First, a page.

Dispatches | October 21, 2003
[By Nathan Oates]
A month ago I had a good day writing. One of those days when the writing just seems to come rolling out, laying itself across the page and you keep writing; each time you straighten to stretch your neck you think, This is good. It is not normally how I feel about my work, but there are days when it happens. That day I felt slightly breathless. I might be good, I thought, hurrying into the kitchen for more coffee, though my hands were already trembling. What if I were actually good? If I were good enough to write like this all the time? Imagine, I told myself, looking out the window at my dog who stood with perked ears in the backyard. Then I hurried back to the computer.
After a couple of hours I stopped myself, thinking of Peter Taylor’s advice: he could never write for more than four hours a day because at that point it became too easy. I felt slightly guilty because it had felt easy all along. I remind myself that it isn’t always like this. Often it feels terrible. And I’ve pushed through all those bad days in the hopes of a day like this, so I should enjoy it, not beat myself up.
Settling down in the next room with another, celebratory cup of coffee, I tried to read, but kept glancing up at the keyboard, the edge of which, if I leaned to the left, I could just see. It looked dead. A metallic, out-dated gray. The worn out nub of the mouse stuck there in the triangular intersection of the G, H and B. Still, despite the ugliness of the machine, the words had, just a little while ago, felt good.
Because she was whining and because I couldn’t read, I took the dog for a walk, going farther than our typical march around the block. She sniffed excessively at each naked spot of grass and I let her, watching the cars full of angry people drive past. From around a corner a jacked up pickup truck squealed, spooking my dog, tearing off through a Stop sign, barely slowing. My dog pressed herself against my legs, looking around for further idiots. Shaken myself, I hurried on, telling myself what that guy’s life was probably like, but immediately I knew it was wrong: simply a clump of clichés. I thought, is this what my writing was like this morning? What about the metaphor on page three? Jammed into a page-long sentence. It seemed impossible that I could have, for over an hour, thought that was a good idea. The sentence, I saw, whispering parts of it, doesn’t make grammatical sense. I’ve been, it occured to me, writing nonsense.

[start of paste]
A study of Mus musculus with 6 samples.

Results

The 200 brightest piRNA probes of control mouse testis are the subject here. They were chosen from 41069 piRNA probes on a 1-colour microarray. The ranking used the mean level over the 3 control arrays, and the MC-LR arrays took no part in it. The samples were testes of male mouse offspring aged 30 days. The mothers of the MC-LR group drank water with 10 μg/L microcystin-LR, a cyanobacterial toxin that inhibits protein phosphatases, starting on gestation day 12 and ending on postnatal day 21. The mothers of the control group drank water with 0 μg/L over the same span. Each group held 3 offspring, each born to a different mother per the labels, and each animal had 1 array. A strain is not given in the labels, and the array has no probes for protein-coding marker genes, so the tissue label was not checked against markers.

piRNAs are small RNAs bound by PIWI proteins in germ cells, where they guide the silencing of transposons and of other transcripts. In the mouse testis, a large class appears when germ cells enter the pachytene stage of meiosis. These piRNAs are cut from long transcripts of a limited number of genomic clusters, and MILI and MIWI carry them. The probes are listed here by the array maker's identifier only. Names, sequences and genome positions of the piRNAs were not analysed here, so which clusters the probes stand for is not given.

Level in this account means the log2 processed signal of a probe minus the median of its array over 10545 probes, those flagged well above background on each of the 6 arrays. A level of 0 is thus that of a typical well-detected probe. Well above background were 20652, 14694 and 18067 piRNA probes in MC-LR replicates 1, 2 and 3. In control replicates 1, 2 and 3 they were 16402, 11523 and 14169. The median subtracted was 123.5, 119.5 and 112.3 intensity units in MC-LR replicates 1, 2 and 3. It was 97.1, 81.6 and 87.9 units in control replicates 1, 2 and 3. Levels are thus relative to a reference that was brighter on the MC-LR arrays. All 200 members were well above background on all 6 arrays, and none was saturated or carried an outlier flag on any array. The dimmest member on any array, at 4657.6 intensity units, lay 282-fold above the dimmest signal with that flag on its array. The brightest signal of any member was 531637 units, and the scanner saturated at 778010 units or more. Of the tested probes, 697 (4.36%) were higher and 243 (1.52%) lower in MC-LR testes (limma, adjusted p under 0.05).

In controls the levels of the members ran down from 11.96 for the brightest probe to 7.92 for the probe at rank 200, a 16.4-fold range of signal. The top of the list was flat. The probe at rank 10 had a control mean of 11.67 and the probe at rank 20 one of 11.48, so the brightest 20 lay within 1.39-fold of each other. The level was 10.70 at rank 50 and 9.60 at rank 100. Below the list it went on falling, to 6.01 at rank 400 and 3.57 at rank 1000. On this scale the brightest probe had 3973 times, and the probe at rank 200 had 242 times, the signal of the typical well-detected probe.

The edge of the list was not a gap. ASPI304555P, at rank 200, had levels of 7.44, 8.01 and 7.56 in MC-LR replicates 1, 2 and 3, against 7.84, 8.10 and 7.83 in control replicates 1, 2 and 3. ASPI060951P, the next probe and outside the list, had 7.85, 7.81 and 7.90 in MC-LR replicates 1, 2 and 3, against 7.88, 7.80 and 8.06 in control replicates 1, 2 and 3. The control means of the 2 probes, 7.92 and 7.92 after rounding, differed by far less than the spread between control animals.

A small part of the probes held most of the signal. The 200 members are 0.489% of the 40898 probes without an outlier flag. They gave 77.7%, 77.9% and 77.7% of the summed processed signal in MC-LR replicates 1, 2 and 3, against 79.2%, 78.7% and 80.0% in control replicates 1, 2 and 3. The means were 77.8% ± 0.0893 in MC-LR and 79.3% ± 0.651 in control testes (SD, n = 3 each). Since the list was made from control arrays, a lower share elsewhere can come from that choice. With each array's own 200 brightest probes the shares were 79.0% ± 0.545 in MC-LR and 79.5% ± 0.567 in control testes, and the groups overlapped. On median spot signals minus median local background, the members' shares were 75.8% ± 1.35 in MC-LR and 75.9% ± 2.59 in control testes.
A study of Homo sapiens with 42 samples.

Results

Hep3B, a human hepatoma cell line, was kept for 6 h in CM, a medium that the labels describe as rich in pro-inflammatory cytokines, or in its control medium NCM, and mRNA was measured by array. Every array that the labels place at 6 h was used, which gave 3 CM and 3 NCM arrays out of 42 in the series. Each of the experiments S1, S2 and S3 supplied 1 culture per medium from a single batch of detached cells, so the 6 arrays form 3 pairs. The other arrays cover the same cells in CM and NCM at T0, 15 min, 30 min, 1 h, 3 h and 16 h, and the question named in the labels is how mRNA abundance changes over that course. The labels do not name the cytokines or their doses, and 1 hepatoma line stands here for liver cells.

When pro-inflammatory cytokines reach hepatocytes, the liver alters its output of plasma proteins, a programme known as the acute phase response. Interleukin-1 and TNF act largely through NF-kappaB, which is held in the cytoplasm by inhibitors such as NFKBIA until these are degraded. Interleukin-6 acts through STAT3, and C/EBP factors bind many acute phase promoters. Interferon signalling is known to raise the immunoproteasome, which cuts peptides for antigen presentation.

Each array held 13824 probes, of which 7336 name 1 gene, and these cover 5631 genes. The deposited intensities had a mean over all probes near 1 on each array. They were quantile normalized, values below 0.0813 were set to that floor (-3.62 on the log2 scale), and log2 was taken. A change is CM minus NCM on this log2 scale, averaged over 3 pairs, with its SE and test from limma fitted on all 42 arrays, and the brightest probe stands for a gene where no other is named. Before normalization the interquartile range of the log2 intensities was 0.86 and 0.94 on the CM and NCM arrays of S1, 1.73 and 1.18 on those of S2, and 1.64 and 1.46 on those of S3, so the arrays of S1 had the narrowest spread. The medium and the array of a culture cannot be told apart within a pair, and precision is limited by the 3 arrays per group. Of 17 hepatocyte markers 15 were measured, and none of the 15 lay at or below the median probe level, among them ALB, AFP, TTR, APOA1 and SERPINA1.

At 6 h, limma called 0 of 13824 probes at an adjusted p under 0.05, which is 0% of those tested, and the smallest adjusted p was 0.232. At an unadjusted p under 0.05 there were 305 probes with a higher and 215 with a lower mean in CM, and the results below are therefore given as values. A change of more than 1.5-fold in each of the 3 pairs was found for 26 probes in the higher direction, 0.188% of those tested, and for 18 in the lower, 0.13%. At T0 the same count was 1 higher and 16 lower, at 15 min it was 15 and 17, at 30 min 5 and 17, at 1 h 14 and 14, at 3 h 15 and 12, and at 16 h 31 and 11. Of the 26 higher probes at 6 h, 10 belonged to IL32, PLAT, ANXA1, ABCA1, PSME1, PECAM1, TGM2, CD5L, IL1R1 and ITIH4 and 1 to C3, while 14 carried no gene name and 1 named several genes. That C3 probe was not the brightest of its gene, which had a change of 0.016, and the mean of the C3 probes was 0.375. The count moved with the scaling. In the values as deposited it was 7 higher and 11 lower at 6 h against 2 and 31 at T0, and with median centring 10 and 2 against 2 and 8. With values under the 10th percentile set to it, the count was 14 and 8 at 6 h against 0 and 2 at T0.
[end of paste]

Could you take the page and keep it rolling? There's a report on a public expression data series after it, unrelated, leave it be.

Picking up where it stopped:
I tugged the dog along back to the house where I couldn’t stop from going to the computer. But I couldn’t bring myself to open the file, because already it seemed clear what I’d find.
On the television the Cardinals were in the process of blowing another game and I found the frustrations of this delightfully distracting. Jeff Fassero came in to relieve in the eighth, and soon the bases were loaded, as though the Ump was just sending the batters on to first as soon as they arrived, scuffing their shoes, in the batter’s box. A double into deep left center drove in two runs. A single down the third base line followed, driving in another run, and the six-run lead the Cardinals had built was gone and it was all the fault of this jackass who was getting paid hundreds of thousands of dollars. And look at him. The Cardinals were only a half game out of first, but not anymore.
“Come on,” I said, sitting forward on the couch, very little hope at all of Jeff Fassero pulling himself out of the jam, bases loaded in the bottom of the eighth, but still, I made fists and shook them at the television. “Come on, goddamnit. Come on.” And for a few minutes, through that entire at-bat, I was able to forget about the pages, just there in the next room.